With New York planning to make its temporary clothing sales tax holidays permanent on March 1, other states are considering copying the limited-time tax breaks popularized by New York, Texas and Florida.
Dec. 1 was to have been the day the sales tax on attire was lifted for good. But under a deal reached earlier this year between Governor George Pataki and legislative leaders, a three-month delay was imposed to allow the state to bring in approximately $150 million in tax revenue during the Christmas shopping season.
The popularity of New York's four previous, week-long, sales tax holidays that Pataki says saved New Yorkers an estimated $350 million since January 1997already has spurred Florida and Texas to enact temporary tax-free periods of their own. And now lawmakers in Michigan and South Carolina are poised to follow suit.
Wisconsin Gov. Tommy Thompson's proposed Christmastime sales tax holiday was rejected by the legislature last month in favor of individual rebate checks.
The sales tax holidays are generally scheduled for early September, when working class families can take advantage of the savings on back-to-school items.
"The tax-free week provided working families an opportunity to increase their purchasing power, while also helping merchants by keeping more shoppers in New York. With the permanent exception coming, working families can keep more of their money," Governor Pataki said in announcing the new date for lifting some sales taxes for good.
While the previous temporary exemptions applied to clothing and footwear costing up to $500, the permanent exemption will apply to articles priced up to $110. Clothing and footwear are defined by New York law as any article worn on the body, including jewelry, watches and certain sporting equipment.
Michigan lawmakers, noting the 20-25 percent upswing in sales during the New York holiday periods, have introduced no fewer than 10 bills proposing a variety of exemptions from that state's 6 percent sales tax.
According to the state office of revenue, sales tax collections amounted to $5.9 billion in Fiscal 1999, up 5 percent from the year before.
The plan receiving the most support in Michigan so far is a proposal to create a two-week tax holiday around Labor Day. Estimates are that the two-week tax hiatus on purchases up to $500 would save consumers between $16 and $28 million annually.
"A brief window is responsible and doable and can give a real break to working families trying to stretch their dollar," said state representative Nancy Cassis, the sponsor of the bill.
Cassis is a native New Yorker and says she got the idea from a visit to the state during one of its sales tax holidays.
Republican Gov. John Engler has not endorsed the idea of tax holidays.
"It's not a proposal I've made or looked at in a serious way," Engler said in a statement responding to the Cassis proposal.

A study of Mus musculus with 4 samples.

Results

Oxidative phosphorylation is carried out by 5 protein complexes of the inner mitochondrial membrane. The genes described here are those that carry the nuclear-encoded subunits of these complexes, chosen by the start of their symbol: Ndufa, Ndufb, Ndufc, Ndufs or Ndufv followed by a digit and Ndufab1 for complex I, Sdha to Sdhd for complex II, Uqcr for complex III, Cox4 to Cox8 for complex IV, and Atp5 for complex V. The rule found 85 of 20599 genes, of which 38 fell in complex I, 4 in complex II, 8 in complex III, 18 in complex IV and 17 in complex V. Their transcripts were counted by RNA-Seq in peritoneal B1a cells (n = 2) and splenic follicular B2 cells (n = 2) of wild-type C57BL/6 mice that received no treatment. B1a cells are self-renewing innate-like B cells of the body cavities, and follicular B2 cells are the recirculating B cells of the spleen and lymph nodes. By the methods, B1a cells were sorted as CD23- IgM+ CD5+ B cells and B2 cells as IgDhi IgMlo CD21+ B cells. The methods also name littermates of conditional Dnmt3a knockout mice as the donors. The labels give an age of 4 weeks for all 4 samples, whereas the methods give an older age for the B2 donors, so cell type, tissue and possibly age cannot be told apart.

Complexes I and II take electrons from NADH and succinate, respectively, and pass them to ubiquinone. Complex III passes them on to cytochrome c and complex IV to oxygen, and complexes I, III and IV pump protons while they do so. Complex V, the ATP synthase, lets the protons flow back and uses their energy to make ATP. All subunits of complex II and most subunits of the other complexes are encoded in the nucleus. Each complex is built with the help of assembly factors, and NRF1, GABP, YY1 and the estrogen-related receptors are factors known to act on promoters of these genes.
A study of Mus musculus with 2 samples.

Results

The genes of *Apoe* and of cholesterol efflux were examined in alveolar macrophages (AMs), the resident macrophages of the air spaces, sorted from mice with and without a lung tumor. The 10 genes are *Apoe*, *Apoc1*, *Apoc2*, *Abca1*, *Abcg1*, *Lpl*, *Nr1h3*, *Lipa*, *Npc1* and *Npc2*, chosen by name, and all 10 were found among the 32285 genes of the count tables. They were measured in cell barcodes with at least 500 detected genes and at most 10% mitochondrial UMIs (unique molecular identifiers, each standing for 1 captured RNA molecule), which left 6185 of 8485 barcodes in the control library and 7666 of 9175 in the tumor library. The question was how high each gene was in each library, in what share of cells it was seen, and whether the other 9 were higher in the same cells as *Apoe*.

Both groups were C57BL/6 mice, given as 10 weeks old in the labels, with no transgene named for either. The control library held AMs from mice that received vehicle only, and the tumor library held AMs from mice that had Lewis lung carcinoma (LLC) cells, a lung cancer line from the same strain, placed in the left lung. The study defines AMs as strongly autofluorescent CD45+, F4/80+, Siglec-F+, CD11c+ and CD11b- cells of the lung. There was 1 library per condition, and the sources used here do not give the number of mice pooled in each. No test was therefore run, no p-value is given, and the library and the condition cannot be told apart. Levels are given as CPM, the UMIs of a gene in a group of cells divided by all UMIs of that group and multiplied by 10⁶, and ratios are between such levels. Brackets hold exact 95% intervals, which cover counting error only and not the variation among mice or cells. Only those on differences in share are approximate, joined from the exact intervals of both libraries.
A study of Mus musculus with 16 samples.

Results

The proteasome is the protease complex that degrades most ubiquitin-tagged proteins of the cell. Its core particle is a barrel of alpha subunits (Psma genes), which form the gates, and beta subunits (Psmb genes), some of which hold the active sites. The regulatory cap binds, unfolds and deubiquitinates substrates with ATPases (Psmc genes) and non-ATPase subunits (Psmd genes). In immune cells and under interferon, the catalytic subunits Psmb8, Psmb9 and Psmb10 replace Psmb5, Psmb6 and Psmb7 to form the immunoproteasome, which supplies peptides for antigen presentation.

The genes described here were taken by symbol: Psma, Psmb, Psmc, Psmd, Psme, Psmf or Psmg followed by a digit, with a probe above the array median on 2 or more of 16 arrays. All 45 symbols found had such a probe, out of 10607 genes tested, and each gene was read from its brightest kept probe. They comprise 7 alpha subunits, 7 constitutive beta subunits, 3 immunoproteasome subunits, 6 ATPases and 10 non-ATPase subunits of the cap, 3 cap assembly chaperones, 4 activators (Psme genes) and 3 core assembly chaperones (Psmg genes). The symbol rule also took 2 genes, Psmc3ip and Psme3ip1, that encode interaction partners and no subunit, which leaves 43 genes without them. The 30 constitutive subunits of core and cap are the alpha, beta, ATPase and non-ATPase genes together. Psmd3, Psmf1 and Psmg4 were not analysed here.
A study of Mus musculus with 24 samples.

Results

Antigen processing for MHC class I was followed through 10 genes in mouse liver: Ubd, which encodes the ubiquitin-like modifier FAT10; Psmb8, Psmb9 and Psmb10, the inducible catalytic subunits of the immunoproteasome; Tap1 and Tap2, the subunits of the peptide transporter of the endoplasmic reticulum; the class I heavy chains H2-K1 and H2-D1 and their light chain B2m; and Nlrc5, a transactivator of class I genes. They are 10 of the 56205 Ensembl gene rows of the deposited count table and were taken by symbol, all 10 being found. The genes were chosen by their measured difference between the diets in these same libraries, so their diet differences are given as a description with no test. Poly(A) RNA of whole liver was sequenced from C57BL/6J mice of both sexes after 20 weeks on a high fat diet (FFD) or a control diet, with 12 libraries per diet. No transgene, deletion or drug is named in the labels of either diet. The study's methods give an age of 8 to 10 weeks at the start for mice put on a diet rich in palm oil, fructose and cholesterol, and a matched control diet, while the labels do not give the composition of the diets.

The most sweeping Michigan proposal would make February 20 tax-free for any purchase, without limit.
State Treasurer Mark Murray said that unlike New York, Michigan is not a destination for out-of-state shoppers. He fears that rather than generating new sales, a tax holiday would merely shift the time when purchases are made.
Murray added that three-quarters of sales tax revenue goes to the state's School Aid Fund and that the administration would prefer to pursue other, unspecified tax cuts.
Earlier this month, South Carolina Governor Jim Hodges proposed a three-day exemption from the state's 5 percent sales tax on back-to-school items ranging from clothing to computers during the first weekend of August.
Hodges' proposal, which was welcomed by legislative leaders, would save consumers an estimated $5 million annually, he said.
Wisconsin Gov. Tommy Thompson's proposed Christmastime sales tax holiday was greeted with much less enthusiasm in the legislature. Key legislators pronounced the plan dead almost immediately, saying public support for the proposal was severely lacking.
Thompson's plan would have voided the state's 5 percent sales tax from the day after Thanksgiving until New Year's Eve on purchases under $500. Consumer savings would amount to $400 million, the Republican governor said.
But legislative leaders pushing for an annual sales-tax rebate rejected the idea.
Lawmakers instead approved a $700 million rebate in the form of checks to be sent directly to an estimated 2.5 million taxpayers. The average check will amount to $271 and will be linked to taxpayers' adjusted gross income on their 1998 state income tax filing.
For married couples, the rebates will range from $360 to $534, while single tax filers will receive between $184 and $267.
Under Thompson's proposal, the average Wisconsin couple would have had to make $9,000 in purchases to get the same savings as under the rebate plan.
Rebate checks are scheduled to arrive in late December or early January, and are expected to give a boost to holiday sales.